More Older Americans and Nonwhites Are Getting News via Social Networks

74 percent of non-whites get news from social media sites

67 percent of U.S. adults get at least some of their news from social media
AndreyPopov/iStock

More Americans aged 50 and up are getting news via social media sites, according to a new study from Pew Research Center.

Pew found that 67 percent of the 4,971 U.S. adults it surveyed between Aug. 8 and 21 get at least some of their news from social media, up from 62 percent in early 2016, with 20 percent saying they do so often.

For the first time since Pew began conducting these surveys, more than one-half (55 percent) of Americans 50 or older said they get news from social networks, up 10 percentage points from last year.

Pew also found that 74 percent of non-whites get news from social media sites, up from 64 percent last year, and the numbers for those with less than a bachelor’s degree were 69 percent and 60 percent, respectively.

Twitter, YouTube and Snapchat experienced significant year-over-year upticks.

74 percent of Twitter users surveyed said they get news from the social network, up 15 percentage points versus 2016.

32 percent of YouTube users get news from the Google-owned video site, up from 21 percent in early 2016.

And messaging application Snapchat saw its total rise to 29 percent from 17 percent.

When examining the U.S. population as a whole, the largest social network accounted for the largest percentage of people using it as a news source, with 45 percent of U.S. adults getting news via Facebook, representing 68 percent of its user based.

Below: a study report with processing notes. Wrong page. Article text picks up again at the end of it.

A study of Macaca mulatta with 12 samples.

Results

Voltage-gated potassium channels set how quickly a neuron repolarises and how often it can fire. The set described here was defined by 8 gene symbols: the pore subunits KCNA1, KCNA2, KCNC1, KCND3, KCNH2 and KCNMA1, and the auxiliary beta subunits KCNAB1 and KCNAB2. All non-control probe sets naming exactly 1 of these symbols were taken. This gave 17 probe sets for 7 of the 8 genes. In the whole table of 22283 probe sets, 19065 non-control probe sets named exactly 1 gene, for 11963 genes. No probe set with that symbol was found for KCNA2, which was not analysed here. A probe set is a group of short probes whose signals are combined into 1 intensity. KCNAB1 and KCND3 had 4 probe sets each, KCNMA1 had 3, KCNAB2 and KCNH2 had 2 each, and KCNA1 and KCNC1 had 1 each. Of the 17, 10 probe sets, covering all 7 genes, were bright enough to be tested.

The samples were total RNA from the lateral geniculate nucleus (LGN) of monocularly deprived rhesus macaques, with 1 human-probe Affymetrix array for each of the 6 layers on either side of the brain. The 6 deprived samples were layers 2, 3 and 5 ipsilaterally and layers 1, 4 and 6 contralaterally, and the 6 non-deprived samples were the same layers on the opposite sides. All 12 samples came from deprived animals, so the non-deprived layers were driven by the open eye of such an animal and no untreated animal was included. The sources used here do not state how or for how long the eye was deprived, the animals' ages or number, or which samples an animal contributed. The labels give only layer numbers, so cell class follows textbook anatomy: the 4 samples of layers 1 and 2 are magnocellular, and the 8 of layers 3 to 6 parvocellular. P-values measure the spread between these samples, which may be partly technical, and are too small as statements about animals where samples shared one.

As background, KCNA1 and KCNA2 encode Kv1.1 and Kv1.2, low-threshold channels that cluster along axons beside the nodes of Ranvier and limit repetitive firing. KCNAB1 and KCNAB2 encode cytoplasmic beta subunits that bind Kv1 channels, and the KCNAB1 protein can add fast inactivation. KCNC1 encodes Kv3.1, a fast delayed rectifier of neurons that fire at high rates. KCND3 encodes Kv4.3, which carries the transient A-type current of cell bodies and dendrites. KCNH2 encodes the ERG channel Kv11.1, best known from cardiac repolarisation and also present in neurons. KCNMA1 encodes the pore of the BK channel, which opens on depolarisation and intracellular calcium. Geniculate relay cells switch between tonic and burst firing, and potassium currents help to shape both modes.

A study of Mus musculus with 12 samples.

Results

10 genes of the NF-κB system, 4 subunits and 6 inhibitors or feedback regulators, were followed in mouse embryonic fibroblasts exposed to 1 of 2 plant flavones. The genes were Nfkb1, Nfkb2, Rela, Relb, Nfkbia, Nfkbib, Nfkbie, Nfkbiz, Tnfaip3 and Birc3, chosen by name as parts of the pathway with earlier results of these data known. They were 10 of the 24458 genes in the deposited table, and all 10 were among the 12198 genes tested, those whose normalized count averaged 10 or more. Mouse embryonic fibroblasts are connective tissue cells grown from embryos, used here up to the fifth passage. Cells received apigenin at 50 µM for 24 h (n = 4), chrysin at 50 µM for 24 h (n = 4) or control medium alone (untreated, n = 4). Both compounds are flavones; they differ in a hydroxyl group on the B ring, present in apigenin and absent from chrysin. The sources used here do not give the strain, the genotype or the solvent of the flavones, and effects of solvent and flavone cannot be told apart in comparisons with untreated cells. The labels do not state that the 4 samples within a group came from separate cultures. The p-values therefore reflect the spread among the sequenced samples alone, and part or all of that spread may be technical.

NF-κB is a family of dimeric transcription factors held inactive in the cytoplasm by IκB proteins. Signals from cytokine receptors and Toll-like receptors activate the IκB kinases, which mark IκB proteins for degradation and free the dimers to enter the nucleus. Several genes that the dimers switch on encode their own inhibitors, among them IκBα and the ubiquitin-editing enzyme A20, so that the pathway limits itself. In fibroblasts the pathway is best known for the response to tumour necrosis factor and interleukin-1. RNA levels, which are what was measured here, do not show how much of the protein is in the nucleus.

YouTube surged into second place, with 18 percent of U.S. adults turning to the video site for news.

Although a whopping 74 percent of Twitter users get news from the site, its smaller user base translates into just 11 percent of U.S. adults doing so.

Pew also found that 26 percent of U.S. adults get news from two or more social media platforms, up from 18 percent in 2016.

Instagram, Snapchat and WhatsApp users were the most likely to get news via multiple social networks, according to Pew, with at least 90 percent of those platforms’ users doing so.

Pew also examined the overlaps between social networks, finding that Instagram users who get news from the Facebook-owned photo- and video-sharing network are more likely to do so on Snapchat, as well (40 percent), while the reverse was true for LinkedIn users (8 percent).

Due to its overwhelming user base, Facebook overlaps with most of the other social networks, with at least 48 percent of users who get news from other social media sites also doing so from Facebook.